Simply put, a sustainable garden works in harmony with nature. The process can include minimising negative environmental impacts and maximising positive impacts.


There are many sustainable techniques and practices that can improve the health and the output of your garden. Most are easy to employ and can save you time, money and effort.

Here are some ways to move to a more sustainable garden:

Soil fertility

  • Regularly dig over soil and assess soil type and quality.
  • Always use fertilisers at correct times and application rates to reduce waste.
  • Maintain soil fertility with organic ‘green manures’ or cover crops.
  • Use mulch! It can prevent up to 75% of evaporation loss, prevents run off and keeps the soil cool.
  • Consider ‘no dig’ gardening methods to minimize soil disturbance or compaction.

Compost and recycling

  • Establish a compost bin or worm farm.
  • Apply compost to all garden beds. Tui Compost is an excellent soil improver by increasing moisture holding capacity, particularly in sandy soils.
  • Retain food scraps, lawn clippings and garden waste for composting. However some weeds are not suited to composting (e.g. oxalis and ivy).
  • Shred woody material to use as mulch.

Seed/plant selection and placement

  • Save seeds and winter roots to reduce money spent on new purchases.
  • Investigate ‘companion planting’ to encourage pollinator insects. A combination of edible and ornamental plants will result in the garden looking more colourful and interesting.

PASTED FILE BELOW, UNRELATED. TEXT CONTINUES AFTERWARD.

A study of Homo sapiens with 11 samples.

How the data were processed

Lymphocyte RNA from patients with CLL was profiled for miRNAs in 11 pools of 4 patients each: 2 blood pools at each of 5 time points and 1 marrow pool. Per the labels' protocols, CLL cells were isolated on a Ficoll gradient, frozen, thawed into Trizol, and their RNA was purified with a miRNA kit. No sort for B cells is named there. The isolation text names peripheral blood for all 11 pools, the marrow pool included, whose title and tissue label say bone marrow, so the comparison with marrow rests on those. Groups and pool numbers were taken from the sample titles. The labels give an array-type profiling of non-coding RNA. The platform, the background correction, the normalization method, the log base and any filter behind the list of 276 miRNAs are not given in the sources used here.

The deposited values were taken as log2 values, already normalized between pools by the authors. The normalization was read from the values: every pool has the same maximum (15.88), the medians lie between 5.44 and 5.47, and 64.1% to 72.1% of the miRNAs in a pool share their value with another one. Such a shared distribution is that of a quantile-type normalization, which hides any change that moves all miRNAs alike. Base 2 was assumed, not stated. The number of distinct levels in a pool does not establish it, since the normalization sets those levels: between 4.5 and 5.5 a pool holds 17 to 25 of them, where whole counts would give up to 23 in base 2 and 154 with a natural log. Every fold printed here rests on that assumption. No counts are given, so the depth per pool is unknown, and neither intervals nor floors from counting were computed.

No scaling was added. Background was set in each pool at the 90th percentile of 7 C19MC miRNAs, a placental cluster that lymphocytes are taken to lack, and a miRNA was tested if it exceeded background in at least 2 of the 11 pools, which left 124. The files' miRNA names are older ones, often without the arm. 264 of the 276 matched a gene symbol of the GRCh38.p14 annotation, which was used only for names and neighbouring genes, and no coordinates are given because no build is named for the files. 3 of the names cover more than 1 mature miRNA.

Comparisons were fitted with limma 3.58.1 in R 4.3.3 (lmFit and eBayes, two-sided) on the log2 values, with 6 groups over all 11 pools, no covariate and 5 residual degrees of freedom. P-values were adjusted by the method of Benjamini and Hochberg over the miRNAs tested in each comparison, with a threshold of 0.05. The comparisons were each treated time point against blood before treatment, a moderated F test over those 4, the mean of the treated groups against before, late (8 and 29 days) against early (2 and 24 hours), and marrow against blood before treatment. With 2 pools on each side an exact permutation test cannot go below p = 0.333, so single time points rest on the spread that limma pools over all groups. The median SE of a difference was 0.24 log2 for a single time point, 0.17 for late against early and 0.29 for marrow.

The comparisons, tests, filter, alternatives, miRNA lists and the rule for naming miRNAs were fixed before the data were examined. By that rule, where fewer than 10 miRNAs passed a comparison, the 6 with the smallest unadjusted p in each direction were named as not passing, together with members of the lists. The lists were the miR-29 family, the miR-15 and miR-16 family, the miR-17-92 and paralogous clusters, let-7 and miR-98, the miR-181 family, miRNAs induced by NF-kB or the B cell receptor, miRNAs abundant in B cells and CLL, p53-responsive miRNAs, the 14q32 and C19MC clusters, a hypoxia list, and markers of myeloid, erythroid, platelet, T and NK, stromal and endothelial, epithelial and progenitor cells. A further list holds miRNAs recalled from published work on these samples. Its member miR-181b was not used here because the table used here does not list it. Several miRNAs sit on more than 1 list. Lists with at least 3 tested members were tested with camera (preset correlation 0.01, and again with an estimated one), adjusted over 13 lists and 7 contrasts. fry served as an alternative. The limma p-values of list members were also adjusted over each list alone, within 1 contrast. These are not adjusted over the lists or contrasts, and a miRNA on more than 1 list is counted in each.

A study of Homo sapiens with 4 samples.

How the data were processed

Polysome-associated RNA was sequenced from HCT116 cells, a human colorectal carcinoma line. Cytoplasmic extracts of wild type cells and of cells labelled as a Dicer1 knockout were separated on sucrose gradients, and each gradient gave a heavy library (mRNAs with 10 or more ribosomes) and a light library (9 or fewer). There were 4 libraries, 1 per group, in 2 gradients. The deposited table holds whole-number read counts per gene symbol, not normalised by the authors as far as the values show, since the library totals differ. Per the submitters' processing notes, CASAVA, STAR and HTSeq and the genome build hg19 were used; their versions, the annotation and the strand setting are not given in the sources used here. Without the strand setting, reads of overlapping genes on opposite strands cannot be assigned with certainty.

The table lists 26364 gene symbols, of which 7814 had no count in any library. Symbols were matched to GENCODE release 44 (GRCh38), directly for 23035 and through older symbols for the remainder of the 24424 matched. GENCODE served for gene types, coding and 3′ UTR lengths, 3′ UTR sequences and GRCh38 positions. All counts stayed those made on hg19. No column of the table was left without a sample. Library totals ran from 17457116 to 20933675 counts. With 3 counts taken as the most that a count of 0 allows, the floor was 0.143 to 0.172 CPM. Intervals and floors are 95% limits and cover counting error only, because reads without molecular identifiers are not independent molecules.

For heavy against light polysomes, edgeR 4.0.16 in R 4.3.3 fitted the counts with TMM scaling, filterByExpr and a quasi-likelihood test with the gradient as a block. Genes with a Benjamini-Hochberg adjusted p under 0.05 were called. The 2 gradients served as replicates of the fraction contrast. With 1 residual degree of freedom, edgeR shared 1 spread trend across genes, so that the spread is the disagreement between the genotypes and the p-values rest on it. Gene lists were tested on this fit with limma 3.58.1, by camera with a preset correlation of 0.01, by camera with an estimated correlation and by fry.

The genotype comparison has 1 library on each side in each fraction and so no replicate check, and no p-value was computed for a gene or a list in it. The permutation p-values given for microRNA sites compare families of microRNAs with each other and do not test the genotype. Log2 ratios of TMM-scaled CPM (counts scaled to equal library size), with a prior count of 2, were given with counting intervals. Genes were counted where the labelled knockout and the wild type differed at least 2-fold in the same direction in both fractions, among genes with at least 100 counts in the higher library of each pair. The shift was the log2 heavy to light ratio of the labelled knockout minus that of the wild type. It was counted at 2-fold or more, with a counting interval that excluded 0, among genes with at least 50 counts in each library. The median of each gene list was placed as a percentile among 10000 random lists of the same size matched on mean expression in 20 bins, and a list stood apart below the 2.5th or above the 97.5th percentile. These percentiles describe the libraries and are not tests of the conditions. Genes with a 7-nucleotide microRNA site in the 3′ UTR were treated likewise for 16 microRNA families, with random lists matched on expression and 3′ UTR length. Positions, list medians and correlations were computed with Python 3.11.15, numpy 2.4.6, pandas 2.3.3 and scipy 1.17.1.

• Use all areas of the garden for plants. If you are short on space consider tiered gardening or vertical planting.


  • Consider reducing lawn area (so garden space can be used for producing food).
  • Mow lawns less often and allow taller grass in summer. A higher cut height helps keep it green and less dusty.
  • Use a timer on sprinklers and make sure they are placed so water covers lawns and not surrounding areas.

Edible gardening

  • Continuously plant a small amount of in-season crops for a year round supply.
  • Bottle/dry/preserve or freeze any surplus crops for use in off season.
  • Use tin cans or plastic bottles by drilling some holes in the bottom of the cans or bottles and burying them around plantings.
  • Be vigilant in observing plants so they are harvested on time to reduce waste.

Water use

  • Use roof-collected rainwater or 'grey water' from the bath or washing machine to water shrubs.
  • Use a granular soil wetter like Saturaid.
  • Water plants deeply and less often (we recommend every 3-5 days). This encourages deep root growth and a more robust constitution.
  • Water the highest parts of the garden first: any run off will go to the lower dry areas.
  • Ask your local council about water efficiency checks.